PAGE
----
Posts tagged space weather
The weekend ended with the biggest solar flare of the year — an X-class flare measuring X1.7. X-class flares are the most energetic type of flare, but an X1.7 is at the lower end of that scale. Obviously disappointed by its 2013 personal best, the sun let rip with not one, but TWO more X-class flares within 24 hours, each bigger than the last.
The X1.7 erupted at 9:17 p.m. EST (Sunday), and then a X2.8 followed-up at 11:09 a.m. EST (Monday). Then, the biggest flare completed the hat-trick at 8:17 p.m. EST with a new 2013 record of X3.2. The largest flare of the day is nearly 3 times more energetic than the first X1.7 flare.
Big Pic: Aurora Light Up Antarctic Night: If the aurora glows over Antarctic and there’s no one to see it, does it have any color?
Beautiful, fine detail in the auroral structure. Must’ve been quite a show!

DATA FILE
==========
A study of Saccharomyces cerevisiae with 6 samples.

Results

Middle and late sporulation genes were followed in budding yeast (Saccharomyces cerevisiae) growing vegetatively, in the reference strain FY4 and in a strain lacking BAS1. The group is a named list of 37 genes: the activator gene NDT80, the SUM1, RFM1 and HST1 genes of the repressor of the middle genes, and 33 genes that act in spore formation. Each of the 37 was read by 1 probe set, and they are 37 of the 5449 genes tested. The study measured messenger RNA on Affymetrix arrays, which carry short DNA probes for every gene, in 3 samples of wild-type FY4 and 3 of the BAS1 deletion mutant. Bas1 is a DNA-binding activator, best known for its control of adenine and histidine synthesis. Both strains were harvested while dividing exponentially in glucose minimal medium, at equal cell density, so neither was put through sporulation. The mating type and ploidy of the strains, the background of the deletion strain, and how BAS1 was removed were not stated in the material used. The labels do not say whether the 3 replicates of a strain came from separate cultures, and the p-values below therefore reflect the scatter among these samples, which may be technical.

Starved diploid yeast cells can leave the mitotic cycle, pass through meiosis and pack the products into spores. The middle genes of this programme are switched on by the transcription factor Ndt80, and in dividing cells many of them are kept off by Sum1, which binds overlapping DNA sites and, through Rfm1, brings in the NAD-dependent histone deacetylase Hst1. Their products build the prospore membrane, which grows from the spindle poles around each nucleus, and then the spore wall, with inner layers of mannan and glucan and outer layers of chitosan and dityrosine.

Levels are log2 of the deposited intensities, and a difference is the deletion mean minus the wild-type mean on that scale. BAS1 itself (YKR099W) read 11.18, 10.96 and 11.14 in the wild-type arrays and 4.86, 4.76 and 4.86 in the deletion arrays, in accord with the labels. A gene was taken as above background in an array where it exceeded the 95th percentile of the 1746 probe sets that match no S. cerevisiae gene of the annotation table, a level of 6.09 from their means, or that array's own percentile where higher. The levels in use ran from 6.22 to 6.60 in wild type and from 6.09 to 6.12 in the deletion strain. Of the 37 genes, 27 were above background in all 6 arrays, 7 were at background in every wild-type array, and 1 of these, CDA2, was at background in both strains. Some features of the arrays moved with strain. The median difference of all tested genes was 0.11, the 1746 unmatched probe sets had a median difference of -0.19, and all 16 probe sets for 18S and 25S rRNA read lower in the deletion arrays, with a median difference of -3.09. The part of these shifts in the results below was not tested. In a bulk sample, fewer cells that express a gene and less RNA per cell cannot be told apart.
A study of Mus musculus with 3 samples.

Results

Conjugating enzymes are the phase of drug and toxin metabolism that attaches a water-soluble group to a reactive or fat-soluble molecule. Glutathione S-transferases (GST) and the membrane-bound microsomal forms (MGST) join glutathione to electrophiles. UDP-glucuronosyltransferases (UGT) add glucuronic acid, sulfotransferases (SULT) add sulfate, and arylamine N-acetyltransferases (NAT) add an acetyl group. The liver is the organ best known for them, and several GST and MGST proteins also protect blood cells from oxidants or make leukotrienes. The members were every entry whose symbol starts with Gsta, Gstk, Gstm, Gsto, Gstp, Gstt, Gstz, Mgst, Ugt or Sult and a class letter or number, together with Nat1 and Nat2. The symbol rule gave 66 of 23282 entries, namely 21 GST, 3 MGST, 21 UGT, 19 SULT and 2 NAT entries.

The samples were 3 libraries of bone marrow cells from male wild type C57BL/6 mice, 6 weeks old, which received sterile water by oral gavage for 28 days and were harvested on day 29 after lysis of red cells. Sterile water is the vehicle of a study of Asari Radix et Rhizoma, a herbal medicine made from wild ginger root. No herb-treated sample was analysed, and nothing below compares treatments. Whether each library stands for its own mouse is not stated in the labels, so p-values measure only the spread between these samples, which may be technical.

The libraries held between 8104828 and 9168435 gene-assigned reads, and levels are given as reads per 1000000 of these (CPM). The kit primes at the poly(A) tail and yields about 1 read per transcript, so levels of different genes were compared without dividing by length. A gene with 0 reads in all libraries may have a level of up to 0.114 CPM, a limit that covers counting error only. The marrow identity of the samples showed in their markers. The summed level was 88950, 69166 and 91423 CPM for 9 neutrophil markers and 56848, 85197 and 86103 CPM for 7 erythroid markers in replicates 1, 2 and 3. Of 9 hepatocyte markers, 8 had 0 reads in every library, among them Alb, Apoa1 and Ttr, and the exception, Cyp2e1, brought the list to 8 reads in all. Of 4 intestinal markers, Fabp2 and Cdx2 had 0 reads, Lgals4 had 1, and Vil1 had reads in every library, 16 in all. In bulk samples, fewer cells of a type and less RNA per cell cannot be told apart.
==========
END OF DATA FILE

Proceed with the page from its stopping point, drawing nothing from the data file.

It seems likely that AR1618 flare activity will continue through Thanksgiving, and if you live at high latitudes, you may be lucky enough to see some Thanksgiving Day aurorae. The sun is currently bathing our planet in a moderate-speed stream of solar wind. Although a full-blown geomagnetic storm isn’t expected, there’s a chance of some heightened auroral activity near the Arctic Circle.
Giant Sun Eruption Captured in NASA Video: The sun unleashed a monster eruption of super-hot plasma Friday (Nov. 16) in back-to-back solar storms captured on camera by a NASA spacecraft.
The Sun is having a party… and it looks like we’re invited! Eek!
Continuing its increasingly active trend, the sun erupted with an X-class solar flare on Thursday. Only last week, another active region (AR1515) delivered an impressive parting shot — an X1.1 flare — as it rotated toward the solar limb. Today’s more energetic X1.4 flare however was directed right at us.